Russia: Siberian shaman on a march against Putin must be released

Responding to reports that Aleksandr Gabyshev, a Siberian shaman walking across Russia to Moscow and promising to use his magic powers to “purge” President Vladimir Putin in 2021, was abducted by a squad of masked law enforcement officials and held in an undisclosed location, Amnesty International’s Russia Director Natalia Zviagina said:

The Russian authorities response to the shaman’s actions is grotesque. Aleksandr Gabyshev should be free to express his political views and exercise his religion and beliefs just like anyone else.

The Russian authorities response to the shaman’s actions is grotesque. Aleksandr Gabyshev should be free to express his political views and exercise his religion and beliefs just like anyone else
Natalia Zviagina, Amnesty International's Russia Director

“In today’s Russia, it's just another act of brutal suppression of human rights. Since Aleksandr Gabyshev started his epic journey, he has committed no offence and his detention is arbitrary and may amount to an enforced disappearance.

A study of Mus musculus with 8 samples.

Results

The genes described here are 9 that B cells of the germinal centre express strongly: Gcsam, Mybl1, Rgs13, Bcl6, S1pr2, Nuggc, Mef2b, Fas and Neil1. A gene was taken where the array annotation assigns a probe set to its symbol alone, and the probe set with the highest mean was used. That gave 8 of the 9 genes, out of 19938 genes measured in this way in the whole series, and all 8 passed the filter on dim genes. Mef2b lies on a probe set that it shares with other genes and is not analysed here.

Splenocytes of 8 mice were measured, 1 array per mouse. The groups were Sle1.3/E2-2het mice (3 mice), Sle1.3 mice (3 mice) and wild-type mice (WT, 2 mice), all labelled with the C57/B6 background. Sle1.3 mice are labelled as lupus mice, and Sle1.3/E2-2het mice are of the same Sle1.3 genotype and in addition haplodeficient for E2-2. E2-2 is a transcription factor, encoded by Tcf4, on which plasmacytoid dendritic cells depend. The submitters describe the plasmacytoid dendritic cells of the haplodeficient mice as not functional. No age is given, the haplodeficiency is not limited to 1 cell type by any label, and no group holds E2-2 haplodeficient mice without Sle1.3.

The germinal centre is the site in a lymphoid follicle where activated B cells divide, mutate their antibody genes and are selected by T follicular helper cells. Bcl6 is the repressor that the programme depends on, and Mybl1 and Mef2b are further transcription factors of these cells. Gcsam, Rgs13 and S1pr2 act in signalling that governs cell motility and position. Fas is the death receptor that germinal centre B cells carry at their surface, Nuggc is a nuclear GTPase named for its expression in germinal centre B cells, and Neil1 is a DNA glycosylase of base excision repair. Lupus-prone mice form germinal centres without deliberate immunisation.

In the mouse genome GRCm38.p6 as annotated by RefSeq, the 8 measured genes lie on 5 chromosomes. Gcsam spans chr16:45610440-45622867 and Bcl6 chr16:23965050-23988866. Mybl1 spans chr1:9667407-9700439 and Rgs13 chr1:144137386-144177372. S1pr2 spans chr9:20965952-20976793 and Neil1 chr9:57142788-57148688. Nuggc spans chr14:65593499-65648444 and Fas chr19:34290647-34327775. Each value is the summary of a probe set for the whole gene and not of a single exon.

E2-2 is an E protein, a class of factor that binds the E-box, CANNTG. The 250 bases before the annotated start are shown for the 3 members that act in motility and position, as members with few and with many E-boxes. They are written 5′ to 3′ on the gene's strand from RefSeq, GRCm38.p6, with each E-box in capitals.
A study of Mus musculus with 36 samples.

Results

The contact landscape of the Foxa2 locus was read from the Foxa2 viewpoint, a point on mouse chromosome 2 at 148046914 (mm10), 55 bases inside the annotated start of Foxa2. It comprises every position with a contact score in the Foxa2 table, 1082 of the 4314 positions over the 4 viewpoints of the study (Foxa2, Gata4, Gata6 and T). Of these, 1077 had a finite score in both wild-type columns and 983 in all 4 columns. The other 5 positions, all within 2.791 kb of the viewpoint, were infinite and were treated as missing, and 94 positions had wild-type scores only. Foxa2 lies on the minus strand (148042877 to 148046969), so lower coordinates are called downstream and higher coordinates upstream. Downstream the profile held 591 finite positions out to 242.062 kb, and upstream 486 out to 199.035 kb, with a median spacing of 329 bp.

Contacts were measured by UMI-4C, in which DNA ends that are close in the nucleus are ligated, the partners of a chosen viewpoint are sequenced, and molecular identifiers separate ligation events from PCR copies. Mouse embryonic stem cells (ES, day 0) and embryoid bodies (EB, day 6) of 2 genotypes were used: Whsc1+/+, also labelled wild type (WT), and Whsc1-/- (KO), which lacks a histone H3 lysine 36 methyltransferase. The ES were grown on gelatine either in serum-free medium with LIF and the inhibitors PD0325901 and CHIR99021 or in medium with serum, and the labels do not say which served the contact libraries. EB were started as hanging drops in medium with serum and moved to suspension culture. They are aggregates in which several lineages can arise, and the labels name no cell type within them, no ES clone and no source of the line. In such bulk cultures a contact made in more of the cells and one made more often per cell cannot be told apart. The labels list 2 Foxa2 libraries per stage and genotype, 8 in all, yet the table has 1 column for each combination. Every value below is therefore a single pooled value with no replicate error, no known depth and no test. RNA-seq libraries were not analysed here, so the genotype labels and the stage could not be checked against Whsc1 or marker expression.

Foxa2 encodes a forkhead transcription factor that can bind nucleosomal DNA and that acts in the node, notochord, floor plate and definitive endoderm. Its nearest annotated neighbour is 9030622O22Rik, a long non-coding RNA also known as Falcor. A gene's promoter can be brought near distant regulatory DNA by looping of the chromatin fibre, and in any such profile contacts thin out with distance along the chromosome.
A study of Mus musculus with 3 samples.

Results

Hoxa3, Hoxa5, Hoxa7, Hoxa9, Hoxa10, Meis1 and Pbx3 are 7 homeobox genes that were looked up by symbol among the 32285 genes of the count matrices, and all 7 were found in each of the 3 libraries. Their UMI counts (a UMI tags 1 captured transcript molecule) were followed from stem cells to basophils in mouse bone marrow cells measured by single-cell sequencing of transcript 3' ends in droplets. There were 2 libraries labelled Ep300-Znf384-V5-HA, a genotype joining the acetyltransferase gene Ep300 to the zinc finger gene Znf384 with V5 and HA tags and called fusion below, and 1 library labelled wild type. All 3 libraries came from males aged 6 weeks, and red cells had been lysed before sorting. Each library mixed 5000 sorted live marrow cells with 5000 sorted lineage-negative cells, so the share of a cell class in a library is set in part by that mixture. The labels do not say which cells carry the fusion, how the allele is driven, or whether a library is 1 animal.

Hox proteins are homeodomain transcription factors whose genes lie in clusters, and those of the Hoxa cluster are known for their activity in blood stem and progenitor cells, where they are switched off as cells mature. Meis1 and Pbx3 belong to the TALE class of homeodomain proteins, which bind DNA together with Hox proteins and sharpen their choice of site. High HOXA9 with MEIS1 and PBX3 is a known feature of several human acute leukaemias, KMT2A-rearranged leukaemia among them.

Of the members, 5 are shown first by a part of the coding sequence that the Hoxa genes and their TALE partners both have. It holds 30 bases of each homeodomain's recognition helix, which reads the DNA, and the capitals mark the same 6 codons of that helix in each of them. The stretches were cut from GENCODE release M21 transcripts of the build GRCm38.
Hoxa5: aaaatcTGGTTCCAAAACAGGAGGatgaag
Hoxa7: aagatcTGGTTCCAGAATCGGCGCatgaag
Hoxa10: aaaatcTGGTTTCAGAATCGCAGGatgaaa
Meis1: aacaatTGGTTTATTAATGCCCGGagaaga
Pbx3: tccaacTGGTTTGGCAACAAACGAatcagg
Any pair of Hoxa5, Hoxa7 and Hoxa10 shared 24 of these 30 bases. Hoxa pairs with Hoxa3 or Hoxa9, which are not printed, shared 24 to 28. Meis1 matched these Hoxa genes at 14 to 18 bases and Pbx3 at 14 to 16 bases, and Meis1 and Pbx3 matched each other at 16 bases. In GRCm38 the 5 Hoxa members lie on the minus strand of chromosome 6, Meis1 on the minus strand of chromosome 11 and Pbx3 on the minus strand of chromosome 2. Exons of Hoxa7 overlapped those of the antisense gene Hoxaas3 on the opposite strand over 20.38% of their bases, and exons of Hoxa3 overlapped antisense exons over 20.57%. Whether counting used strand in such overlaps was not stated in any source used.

“The Russian authorities must reveal Aleksandr Gabyshev’s fate and whereabouts and release him immediately and unconditionally. He is prisoner of conscience deprived of liberty solely for peaceful exercising his rights to freedom of expression and assembly.”

Background

Aleksandr Gabyshev, a shaman from the Russian republic of Yakutia, began his 8,000km journey to Moscow in March. Since then, he has covered about 3,000km, attracted many followers and addressed numerous spontaneous public gatherings along the way.

According to eyewitnesses, on the morning of 19 September, armed and masked law enforcement officials encircled the site near the village of Vydrino where Aleksandr Gabyshev was camping with his companions. They took away the shaman without revealing their identities or explaining their actions. His fate and whereabouts are still unknown.

Earlier this month, several of his supporters were arrested in Ulan-Ude, capital of the Russian republic of Buryatia, and two cars used in the march were confiscated. Protests against the arrests in Ulan-Ude began on 9 September but were violently dispersed by the police on 12 September.